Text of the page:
BC Appeal Court hears cell phone search and seizure case involving Rajan Singh Mann


On the first occasion, Mann’s Blackberry cell phone was seized from him during his arrest. He was released without charge. However, as he remained a suspect, the Blackberry was not returned to him. Several weeks later, Mann was charged with kidnapping and he was again arrested.

During his second arrest, a second Blackberry was seized from the car he had been driving. Both Blackberries were eventually sent for data extraction, which was completed after a significant period of time had passed. The analysis of the Blackberries captured every piece of data generated by the user.

The B.C. Civil Liberties Association, an intervener in this case, argued that applying the traditional rule of search incidental to arrest to mobile devices will significantly undermine privacy rights and greatly expand warrantless police search powers, and is unconstitutional. The BCCLA took the position that, in order to uphold constitutional rights, the law must adapt to recognize that technological developments have increased the privacy interest in mobile devices and that a warrant is necessary to search the contents of a mobile device.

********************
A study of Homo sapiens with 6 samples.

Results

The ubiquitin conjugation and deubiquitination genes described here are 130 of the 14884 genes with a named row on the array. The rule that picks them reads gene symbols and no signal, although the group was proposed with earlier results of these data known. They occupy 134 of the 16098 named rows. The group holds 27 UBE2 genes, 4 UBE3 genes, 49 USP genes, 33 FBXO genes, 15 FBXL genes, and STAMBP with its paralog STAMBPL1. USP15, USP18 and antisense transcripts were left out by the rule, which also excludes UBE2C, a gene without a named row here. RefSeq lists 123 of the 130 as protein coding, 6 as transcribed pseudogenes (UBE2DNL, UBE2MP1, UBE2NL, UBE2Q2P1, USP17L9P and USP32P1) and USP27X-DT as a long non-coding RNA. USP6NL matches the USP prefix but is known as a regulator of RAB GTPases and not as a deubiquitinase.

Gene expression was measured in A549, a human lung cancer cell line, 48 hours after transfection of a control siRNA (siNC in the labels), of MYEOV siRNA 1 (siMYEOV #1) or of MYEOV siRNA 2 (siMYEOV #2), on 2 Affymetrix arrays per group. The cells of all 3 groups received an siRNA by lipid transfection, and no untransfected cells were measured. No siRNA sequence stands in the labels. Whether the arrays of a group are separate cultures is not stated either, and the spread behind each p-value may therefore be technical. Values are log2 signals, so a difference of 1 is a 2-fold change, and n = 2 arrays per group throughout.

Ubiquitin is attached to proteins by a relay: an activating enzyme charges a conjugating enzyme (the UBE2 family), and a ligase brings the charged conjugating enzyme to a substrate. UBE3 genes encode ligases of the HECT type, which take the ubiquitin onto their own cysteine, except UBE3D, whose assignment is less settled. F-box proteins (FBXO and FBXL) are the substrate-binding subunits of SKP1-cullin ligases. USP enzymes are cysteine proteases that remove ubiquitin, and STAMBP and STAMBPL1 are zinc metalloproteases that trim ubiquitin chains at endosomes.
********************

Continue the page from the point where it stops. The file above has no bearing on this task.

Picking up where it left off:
Mann was convicted two years ago for the June 2006 kidnapping of Gary Kwong in Richmond. Charges were originally laid against Mann, William Scott and Terry Richardson. Scott pleaded guilty and Richardson died before the case was finished.

Mann’s lawyer, Peter Wilson, told the court that the RCMP should never have searched the smartphones without a warrant. He said: “Smartphones are potentially repositories of vast amounts of personal information.” He added: “The privacy interests that are engaged with these kinds of devices are markedly different from the privacy interests in other receptacles.” Wilson said: “Because of the significant privacy interests in play, they have to go further and obtain a warrant if they want to do the full forensic analysis of the devices.”